Press Release 2012

November 8th, 2012

Egypt -  Blocking internet websites a new step towards suppression of freedom of expression

Virtual Activism has learnt with great concern of the Egyptian public prosecutor’s decision on November 7th 2012, to “block internet porn sites” and any images or visuals that “threaten the values and morals of the Egyptian family and national security”.

Several issues need to be taken into consideration:

1- From previous international experiences content control has never been successful and in fact has had a reverse effect.

2- Allowing internet censorship because of ‘pornography’ opens the door for further censorship of the web.

3- Defining what is or is not pornographic or a ‘threat to the morality of the family’ is a relative matter. If left undefined it will lead to censoring any form of free speech and expression depending on the censor’s whims or set of beliefs.

4- The loose wording of ‘threat to national security’ has always been used as an excuse to further curb free expression.


Virtual Activism would like to draw the Egyptian government’s attention to the fact that it is a signatory to the International Covenant on Civil and Political Rights which states in article 19/par2 that

Everyone shall have the right to freedom of expression; this right shall include freedom to seek, receive and impart information and ideas of all kinds, regardless of frontiers, either orally, in writing or in print, in the form of art, or through any other media of his choice.

We would also like to draw the Egyptian government’s attention to the fact that access to information has been declared a ‘fundamental right’ by the UN.

Virtual Activism would like to reiterate what the UN Special Rapporteur on the promotion and protection of the right to freedom of opinion and expression noted that the internet is one of the most powerful instruments of the 21st century for “increasing transparency in the conduct of the powerful, access to information, and for facilitating active citizen participation in building democratic societies.” The Internet also can play an important role in “mobilizing the population to call for justice, equality, accountability and better respect for human rights.” Facilitating access to the Internet for all individuals, with as little restriction to online content as possible, should be a priority for all States.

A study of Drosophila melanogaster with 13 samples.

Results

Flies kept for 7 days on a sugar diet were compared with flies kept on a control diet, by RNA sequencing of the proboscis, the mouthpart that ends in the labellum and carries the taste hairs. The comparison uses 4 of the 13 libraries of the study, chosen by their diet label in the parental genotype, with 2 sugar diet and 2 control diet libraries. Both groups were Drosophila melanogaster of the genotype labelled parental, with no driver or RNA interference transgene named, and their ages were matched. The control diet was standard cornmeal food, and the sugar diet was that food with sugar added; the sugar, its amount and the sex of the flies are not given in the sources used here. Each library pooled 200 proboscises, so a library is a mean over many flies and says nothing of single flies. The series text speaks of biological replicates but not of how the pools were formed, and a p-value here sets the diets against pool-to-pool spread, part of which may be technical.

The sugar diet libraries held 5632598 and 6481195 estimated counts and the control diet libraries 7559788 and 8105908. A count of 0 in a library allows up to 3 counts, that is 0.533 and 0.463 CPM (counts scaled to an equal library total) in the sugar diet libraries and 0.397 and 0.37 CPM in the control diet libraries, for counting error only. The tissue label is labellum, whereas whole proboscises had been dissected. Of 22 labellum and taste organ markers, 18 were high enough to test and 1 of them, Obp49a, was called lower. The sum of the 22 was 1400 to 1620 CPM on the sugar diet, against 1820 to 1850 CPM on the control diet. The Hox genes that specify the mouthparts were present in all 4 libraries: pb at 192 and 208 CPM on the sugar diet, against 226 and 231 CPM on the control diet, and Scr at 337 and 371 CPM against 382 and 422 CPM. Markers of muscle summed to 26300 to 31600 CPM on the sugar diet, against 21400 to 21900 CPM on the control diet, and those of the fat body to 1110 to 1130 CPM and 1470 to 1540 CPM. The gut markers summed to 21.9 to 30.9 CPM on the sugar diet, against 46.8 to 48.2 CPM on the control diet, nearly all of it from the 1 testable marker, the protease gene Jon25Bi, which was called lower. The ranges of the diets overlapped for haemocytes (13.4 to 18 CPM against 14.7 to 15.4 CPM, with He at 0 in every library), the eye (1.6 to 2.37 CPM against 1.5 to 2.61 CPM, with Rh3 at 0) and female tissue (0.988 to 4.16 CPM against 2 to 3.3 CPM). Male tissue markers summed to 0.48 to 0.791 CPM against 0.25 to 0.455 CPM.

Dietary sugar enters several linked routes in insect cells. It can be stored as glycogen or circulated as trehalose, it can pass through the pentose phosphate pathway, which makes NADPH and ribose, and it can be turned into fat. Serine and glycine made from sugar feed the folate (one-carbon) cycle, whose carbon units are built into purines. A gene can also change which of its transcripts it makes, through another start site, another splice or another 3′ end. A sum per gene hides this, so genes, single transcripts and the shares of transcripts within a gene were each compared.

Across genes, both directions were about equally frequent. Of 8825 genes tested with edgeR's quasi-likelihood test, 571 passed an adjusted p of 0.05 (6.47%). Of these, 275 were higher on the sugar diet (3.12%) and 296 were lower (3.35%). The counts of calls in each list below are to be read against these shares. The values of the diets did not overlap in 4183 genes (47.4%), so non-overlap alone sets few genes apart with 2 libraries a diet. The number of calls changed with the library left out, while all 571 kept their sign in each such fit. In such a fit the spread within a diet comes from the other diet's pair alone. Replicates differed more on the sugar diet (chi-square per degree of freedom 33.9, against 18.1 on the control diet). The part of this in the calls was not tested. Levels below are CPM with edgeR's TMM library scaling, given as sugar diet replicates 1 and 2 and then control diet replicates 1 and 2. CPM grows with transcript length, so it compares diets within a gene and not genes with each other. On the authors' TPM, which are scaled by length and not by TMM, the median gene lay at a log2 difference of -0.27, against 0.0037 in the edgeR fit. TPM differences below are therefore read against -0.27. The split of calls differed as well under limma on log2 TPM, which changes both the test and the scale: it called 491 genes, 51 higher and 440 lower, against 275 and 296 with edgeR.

Virtual Activism recognizes that some internet content might be harmful and may be abused. However we believe that any form of censorship or blocking of the internet constitutes a suppression of the freedom of speech and freedom of access to information both of which are guaranteed by UN declarations and resolutions to which Egypt is a signatory.

Should such a decision be made, therefore, it needs to be preceded by an extensive legal discussion that is inclusive of all sectors of civil society. There should be adequate guarantees that such a law will not be abused against political activists and other forms of free expression.

Should the decision be enforced as it currently stands, it threatens to be a step closer to blocking the internet completely.

Virtual Activism would like to reiterate that blocking and censoring is not a solution. Raising awareness and education are the only solution.